Kyle Barnett Sep. 3, 2014, 9:44pm


NEW ORLEANS – The motion BP PLC filed Tuesday to have settlement administrator Patrick Juneau removed from the Deepwater Horizon oil spill case alleged a number of mistakes and deficiencies the Lafayette lawyer has allegedly made during his two and a half years on the job.

Below are some of the missteps that BP says make Juneau unsuitable for his $3.4 million-per-year position:

• Juneau represented a plaintiff prior to becoming settlement administrator and did not divulge this fact to the court.

In its massive filing on Tuesday, BP provided a copy of a 2011 contract that Juneau signed with the State of Louisiana. The contract, for $275,000, calls for Juneau to provide advice about the Deepwater Horizon oil spill to Louisiana’s government regarding the claims process. Louisiana later decided to sue BP, seeking millions of dollars in damages.

BP’s filing also includes a series of emails Juneau sent on behalf of the state to his predecessor, Ken Feinberg. In those emails, Juneau appears to press Feinberg to relax standards of proof for fishermen pursuing claims.

BP’s filing also includes an expert opinion from William Ross, a legal ethics professor at Samford University, who concludes that Juneau is unfit to serve as claims administrator for several reasons, including for improperly disclosing his state contract work.

• Juneau has been a "wasteful" steward of settlement money, having racked up more than $1 billion in administrative expenses during his tenure.

In its motion, BP says that 18 cents of every dollar paid out in claims under Juneau has gone toward overhead.

In its filing, BP attaches an opinion from Mark Hutchins, a managing partner at the national accounting firm KPMG, which says Juneau’s operation fails to meet the minimum level of accountability.

“Based on my 30 years of experience in reviewing countless major corporations
and other entities, I believe the Claims Administrator failed to meet the basic standard of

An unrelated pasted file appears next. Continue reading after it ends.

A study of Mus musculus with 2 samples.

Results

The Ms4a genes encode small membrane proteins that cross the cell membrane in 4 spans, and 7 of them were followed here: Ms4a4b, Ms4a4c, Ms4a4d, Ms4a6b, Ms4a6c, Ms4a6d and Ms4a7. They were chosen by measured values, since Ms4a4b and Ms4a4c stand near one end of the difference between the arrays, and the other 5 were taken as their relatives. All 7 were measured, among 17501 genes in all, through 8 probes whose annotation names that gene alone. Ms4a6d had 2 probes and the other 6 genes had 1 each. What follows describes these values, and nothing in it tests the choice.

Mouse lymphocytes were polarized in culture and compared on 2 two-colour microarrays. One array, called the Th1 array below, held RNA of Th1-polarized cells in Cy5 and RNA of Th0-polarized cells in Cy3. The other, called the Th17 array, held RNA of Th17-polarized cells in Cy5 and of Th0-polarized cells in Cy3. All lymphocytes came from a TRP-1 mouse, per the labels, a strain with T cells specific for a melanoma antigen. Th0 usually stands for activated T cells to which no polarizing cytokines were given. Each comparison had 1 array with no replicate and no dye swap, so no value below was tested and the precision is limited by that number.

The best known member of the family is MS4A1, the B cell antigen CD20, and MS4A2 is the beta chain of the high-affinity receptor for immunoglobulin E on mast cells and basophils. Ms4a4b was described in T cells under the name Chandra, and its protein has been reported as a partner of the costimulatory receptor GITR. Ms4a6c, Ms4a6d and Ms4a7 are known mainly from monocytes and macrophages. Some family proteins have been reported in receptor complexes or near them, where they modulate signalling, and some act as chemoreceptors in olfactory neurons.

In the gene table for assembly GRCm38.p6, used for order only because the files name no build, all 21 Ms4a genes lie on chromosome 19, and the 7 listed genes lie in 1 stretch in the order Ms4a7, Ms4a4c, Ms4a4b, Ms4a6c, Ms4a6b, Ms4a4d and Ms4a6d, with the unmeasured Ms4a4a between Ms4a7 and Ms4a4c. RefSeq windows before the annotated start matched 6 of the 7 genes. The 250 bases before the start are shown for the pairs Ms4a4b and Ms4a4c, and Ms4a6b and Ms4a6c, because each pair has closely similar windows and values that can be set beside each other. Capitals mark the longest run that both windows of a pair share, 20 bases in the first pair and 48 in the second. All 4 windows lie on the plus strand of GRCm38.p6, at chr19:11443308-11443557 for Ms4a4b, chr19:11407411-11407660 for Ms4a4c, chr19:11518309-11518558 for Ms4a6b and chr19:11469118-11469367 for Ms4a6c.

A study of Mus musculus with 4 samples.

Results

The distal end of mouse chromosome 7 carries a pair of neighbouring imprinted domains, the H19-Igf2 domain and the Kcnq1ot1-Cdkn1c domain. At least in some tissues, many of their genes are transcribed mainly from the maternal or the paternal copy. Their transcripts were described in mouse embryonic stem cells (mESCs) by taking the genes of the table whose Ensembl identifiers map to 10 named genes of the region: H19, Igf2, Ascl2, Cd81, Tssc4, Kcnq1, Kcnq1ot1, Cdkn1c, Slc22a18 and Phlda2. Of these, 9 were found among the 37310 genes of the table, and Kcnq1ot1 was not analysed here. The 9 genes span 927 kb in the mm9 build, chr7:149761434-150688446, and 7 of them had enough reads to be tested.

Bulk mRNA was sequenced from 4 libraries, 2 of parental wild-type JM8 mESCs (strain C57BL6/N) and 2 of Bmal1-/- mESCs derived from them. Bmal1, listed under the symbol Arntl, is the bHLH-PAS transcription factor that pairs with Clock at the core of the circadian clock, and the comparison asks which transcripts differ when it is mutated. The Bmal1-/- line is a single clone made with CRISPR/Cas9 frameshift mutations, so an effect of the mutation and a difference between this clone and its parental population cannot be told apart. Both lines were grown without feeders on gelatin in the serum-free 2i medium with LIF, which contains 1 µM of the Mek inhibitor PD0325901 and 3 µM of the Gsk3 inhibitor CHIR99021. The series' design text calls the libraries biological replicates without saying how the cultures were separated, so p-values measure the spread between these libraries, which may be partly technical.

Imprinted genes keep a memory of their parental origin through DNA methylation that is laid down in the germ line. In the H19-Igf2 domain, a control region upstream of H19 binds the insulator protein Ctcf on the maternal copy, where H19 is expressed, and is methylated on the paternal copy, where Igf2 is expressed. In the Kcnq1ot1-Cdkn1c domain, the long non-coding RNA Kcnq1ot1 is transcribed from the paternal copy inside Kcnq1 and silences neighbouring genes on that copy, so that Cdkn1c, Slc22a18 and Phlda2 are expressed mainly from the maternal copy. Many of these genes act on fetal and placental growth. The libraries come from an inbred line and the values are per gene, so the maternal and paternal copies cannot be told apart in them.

reasonable due care,’’ Hutchins said in the report.

• Top managers under Juneau were "corrupt" or negligent.

BP’s motion takes note that no fewer than five senior officials – including the claims office’s chief executive, its chief financial officer, its general counsel and its appeals chief have either been fired or resigned under a "cloud of misconduct."

• Juneau presided over an operation that rewarded connected lawyers and other insiders.

BP’s motion notes the findings of New Orleans investigative blogger Jason Berry who obtained and published emails and internal documents showing that the top lawyers in the case, members of the so-called Plaintiff’s Steering Committee, pushed more than 400 claims through the settlement system before anyone else, thereby paying themselves before the thousands of other claimants who had no inside connections. This expediting system carried Juneau’s blessing, Berry’s leaked documents showed.

Juneau later told Berry that the expediting program was carried out with BP’s full knowledge and consent.

• Juneau has made public statements accusing BP of lying and issued a veiled threat to sue company officials for disparaging him.

In an interview with a newspaper reporter for the Lafayette-based Daily Advertiser Juneau said statements allegedly made about him by BP’s CEO Bob Dudley saying he “willfully misinterpreted” the settlement contract was a “lie” and “actionable.”

BP has said it can find no instance where Dudley disparaged Juneau in public. “Even if his assertions were correct, it would be impossible for any judge to remain on a case after giving an interview to a newspaper in which he claims a right to initiate legal action against a litigant or comments on the merits in such a manner,’’ the BP motion reads. "The appearance of partiality is obvious.’’

Juneau said in a recent interview that his newspaper comments were taken out of context and that his characterization that BP’s public statements as “actionable” were not meant to imply that he planned to sue the oil giant.